Alex, Marty, Gloria and Melman are still fighting to get home to their beloved Big Apple. Their journey takes them through Europe where they find the perfect cover: a traveling circus, which they reinvent - Madagascar style.
The magically long-haired Rapunzel has spent her entire life in a tower, but now that a runaway thief has stumbled upon her, she is about to discover the world for the first time, and who she really is.
In 1895, Dracula builds a resort in Transylvania, hidden from the humans, to raise his beloved daughter Mavis in a safe environment. In the present days, the place is the Hotel Transylvania, where monsters bring their families to spend vacation far from the frightening humans. Dracula invites his friends - Frankenstein and his wife Eunice; Wayne and Wanda, the werewolves; Griffin, the invisible man; Murray, the mummy; the Bigfoot, among others - to celebrate the 118th birthday of Mavis. When the party is ready to start, the 21-year-old Jonathan is walking through the forest and stumbles at the hotel. Dracula sees Jonathan and disguises him as a monster to hide Jonathan from the guests. But Mavis also sees Jonathan and Dracula forces him to pose of a monster. Soon Mavis believes that Jonathan is the "zing" of her life despite the advices of her father about the humans. Written by
Claudio Carvalho, Rio de Janeiro, Brazil
In the movie commentary, it is mentioned the town at the end with the fair is loosely based on a real town known as Sighisoara, Romania. Sighisoara is also known as the birthplace of Vlad the Impaler, the real Count Dracula and is the only inhabited citadel in Europe. See more »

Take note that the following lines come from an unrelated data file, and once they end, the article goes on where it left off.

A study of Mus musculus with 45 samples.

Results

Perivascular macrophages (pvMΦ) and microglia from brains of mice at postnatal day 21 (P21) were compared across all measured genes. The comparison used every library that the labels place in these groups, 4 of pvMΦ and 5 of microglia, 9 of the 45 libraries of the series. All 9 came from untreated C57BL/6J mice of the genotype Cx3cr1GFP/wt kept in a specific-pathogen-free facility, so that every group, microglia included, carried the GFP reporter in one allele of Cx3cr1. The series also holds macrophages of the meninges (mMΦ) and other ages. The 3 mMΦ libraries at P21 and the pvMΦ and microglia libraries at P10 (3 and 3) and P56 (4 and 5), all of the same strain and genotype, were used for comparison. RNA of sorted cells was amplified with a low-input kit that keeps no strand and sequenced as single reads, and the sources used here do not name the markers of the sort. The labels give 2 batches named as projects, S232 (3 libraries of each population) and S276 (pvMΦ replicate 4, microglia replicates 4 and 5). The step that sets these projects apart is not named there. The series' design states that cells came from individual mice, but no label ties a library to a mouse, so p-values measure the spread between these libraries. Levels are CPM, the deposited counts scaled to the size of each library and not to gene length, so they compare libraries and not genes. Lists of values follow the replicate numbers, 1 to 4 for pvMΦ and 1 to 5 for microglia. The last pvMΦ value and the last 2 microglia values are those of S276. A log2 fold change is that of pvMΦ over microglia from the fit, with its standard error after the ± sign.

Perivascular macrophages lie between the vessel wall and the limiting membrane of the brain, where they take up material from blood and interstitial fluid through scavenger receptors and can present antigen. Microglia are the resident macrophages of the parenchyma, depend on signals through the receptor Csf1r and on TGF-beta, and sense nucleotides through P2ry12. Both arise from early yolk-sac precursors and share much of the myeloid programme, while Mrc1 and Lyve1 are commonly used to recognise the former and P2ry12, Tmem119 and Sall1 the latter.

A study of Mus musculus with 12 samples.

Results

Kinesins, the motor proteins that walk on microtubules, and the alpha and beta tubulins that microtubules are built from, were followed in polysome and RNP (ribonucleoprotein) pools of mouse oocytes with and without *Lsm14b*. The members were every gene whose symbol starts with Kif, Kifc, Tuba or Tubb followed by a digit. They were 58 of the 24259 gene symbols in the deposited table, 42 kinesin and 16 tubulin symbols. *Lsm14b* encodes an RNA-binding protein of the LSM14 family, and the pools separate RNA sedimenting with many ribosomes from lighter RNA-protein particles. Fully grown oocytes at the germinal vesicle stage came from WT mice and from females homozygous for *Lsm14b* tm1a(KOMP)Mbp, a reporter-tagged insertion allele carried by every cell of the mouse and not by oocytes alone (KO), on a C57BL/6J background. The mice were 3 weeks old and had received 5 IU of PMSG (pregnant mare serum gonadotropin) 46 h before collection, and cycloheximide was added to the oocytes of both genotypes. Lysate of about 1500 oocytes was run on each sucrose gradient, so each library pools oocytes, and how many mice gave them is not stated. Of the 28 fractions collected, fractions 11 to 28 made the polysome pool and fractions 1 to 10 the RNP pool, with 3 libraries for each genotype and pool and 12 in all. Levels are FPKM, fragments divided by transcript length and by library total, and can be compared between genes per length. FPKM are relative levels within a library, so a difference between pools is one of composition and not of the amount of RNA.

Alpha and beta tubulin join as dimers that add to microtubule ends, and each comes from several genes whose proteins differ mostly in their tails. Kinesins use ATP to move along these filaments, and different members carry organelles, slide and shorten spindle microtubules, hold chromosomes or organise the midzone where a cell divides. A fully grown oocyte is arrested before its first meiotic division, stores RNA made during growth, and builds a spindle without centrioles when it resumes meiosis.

Unlike many characters in the movie that were once human but later became monsters, Quasimodo (aka the Hunchback of Notre Dame) was never a monster but simply a human with a physical deformity. See more »
I'm Dracula, Bleh, bleh-bleh!
I've never said that in my life. 'Bleh, bleh-bleh.' I don't know where that comes from!
I gave this a complete 10 because both the wife and I (as well as the other movie-goers -going by their reactions) thoroughly enjoyed it from the beginning to the very end.
Was it predictable? Of course. Its an animation geared towards children (what would you expect?) -but like most of the animation movies of today, there were quite a few 'hidden humor' spots as well which would be completely missed by the younger audience (not unexpected since it is the adults, after all, who are forking over the bread and it doesn't hurt to keep THEM entertained as well). The movie is fairly fast-paced and the animation well done. I'm usually a little apprehensive when I've harbored good expectations from a movie based on clips/previews, but in this case I felt it truly delivered. This one will be added to our library when it (eventually) hits the shelves. Too many people look for a great amount of depth and unpredictability in animation movies -but THAT is a bit unrealistic (no pun intended) -think about it: These things USED to be called CARTOON MOVIES for a reason. They weren't intended to fit that kind of expectation. They ARE intended to be fun -and this movie is just that: FUN.